The Continued Evolution Of The Tire

It should never come as a shock that when discussing vehicles these days, two topics invariably find their way into the conversation; fuel efficiency and performance. It almost seems counter intuitive for both of these things to be able to co-exist, let alone work together to ensure the consumer has the best of both worlds. With the advancements in automotive technology, these two seemingly opposing ends of the spectrum are moving closer and closer together, and can no longer be described as mutually exclusive ideals, where preference given to one comes at the detriment of the other. One OE component in particular, the tire, is making impressive strides to bridge the gap between the two.

Automakers are under incredible amounts of pressure to reach government imposed fuel efficiency standards. Take the CAFE standard for example. CAFE, or Corporate Average Fuel Economy requires vehicle manufacturers to comply with the gas mileage, or fuel economy, standards set by the Department of Transportation in the United States. In 2011, the CAFE standard was set at 27.5 mpg, which was subsequently raised in 2012 by the Obama administration to 54.5 mpg, a standard to be reached by 2025 (this proclamation in essence makes it the defacto Canadian fuel efficiency goal). Failing to adhere to the standard can result in coffer-emptying penalties being levied against the manufacturer, and are calculated using the formula below:


Tires continue to play a role towards improving the fuel efficiency of vehicles, and automakers are treating this oft underrated component as a key player in reaching the 2025 target. That being said, tires are not impervious to wearing out, and while customers will engage in a collective fist pump at their ability to save at their local gas station, they won’t want those savings to negatively affect performance and safety.

Among the different approaches manufacturers are taking: improving the rolling resistance of tires. Rolling resistance, for those who don’t know, refers to…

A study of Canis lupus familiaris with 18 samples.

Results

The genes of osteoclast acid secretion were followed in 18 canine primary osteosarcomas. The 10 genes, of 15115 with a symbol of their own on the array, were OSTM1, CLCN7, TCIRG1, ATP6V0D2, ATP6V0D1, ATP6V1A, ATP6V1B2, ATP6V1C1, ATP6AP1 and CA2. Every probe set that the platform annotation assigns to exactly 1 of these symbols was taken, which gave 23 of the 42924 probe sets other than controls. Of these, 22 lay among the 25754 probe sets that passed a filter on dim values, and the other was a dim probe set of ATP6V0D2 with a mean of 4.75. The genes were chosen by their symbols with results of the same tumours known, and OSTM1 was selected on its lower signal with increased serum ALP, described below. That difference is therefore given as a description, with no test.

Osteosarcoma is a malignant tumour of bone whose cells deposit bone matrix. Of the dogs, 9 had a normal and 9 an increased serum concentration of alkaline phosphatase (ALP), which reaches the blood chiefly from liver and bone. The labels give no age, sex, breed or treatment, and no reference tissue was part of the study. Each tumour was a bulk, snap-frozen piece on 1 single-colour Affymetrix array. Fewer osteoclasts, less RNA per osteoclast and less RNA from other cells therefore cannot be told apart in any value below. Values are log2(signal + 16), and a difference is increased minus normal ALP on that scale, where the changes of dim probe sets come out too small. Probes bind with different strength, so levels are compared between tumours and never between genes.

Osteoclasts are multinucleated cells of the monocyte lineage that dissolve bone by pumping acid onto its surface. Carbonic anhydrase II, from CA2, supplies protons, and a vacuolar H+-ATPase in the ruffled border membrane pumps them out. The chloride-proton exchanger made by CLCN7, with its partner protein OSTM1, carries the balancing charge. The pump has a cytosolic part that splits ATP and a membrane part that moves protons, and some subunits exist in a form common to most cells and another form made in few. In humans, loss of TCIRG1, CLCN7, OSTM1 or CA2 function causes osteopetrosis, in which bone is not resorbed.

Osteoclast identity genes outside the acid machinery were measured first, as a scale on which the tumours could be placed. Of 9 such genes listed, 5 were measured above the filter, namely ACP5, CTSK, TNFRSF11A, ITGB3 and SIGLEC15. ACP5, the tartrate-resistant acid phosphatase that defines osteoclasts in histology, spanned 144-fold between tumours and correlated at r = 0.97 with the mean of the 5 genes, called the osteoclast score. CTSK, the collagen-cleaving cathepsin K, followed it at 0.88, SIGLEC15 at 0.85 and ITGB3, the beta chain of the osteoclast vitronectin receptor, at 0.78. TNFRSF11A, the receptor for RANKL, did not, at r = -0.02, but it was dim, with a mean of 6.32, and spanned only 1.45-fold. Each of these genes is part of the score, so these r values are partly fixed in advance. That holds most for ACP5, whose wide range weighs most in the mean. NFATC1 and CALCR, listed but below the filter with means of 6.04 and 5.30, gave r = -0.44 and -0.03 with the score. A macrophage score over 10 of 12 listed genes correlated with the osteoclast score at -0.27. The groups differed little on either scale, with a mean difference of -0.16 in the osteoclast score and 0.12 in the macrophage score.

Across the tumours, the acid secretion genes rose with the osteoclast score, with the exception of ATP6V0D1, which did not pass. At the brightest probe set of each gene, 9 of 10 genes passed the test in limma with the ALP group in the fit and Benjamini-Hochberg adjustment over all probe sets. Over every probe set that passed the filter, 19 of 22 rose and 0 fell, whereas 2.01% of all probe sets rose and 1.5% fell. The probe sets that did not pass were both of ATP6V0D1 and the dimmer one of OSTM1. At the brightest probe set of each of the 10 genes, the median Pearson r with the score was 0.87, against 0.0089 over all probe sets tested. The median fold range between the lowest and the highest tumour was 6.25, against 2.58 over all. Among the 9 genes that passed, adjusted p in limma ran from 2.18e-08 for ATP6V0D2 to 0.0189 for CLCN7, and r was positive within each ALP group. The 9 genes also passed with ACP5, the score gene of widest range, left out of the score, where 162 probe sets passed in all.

…the loss of energy generated due to the repeated deformation and reformation of the tire as it comes into contact with the road.

This motion creates heat, which is then dissipated into the environment, resulting in a waste of energy – and when your vehicle is producing wasted energy, its overall fuel efficiency is lowered.


The use of advanced sensors in maintaining performance

A TPMS (Tire Pressure Monitoring System) currently monitors the internal air pressure of tires, informing the driver of inadequate pressure levels via gauge or other dashboard display. This in and of itself is handy for making sure you’re getting the most efficiency out of your tires; knowing when your tires are operating below peak efficiency can save you miles of lost energy. The engineers over at Continental Tire the Americas want to take the system one step further; by using sensors to measure tread depth. This application has less to do with maintaining efficiency than it does performance.

Some experts believe that as the tread wears down on your tires, fuel efficiency actually increases.


Sensors can also play a big role in helping to determine if the permissible tire load has been exceeded. It’d work like this: sensors embedded in the tire tread can detect the size of the contact patch and measure the vehicle’s characteristics to determine whether or not the load has been exceeded. The heavier the load, the more pressure is put on your tires – and the larger the contact patch becomes. Exceeding the load capacity can not only lower the efficiency of your tires, it can be downright dangerous.

While the line between fuel efficiency and performance increasingly becomes a blurred one, this should not be a cause for alarm; we as consumers need only do our homework and seek the advice of a qualified professional to steer us in the right path.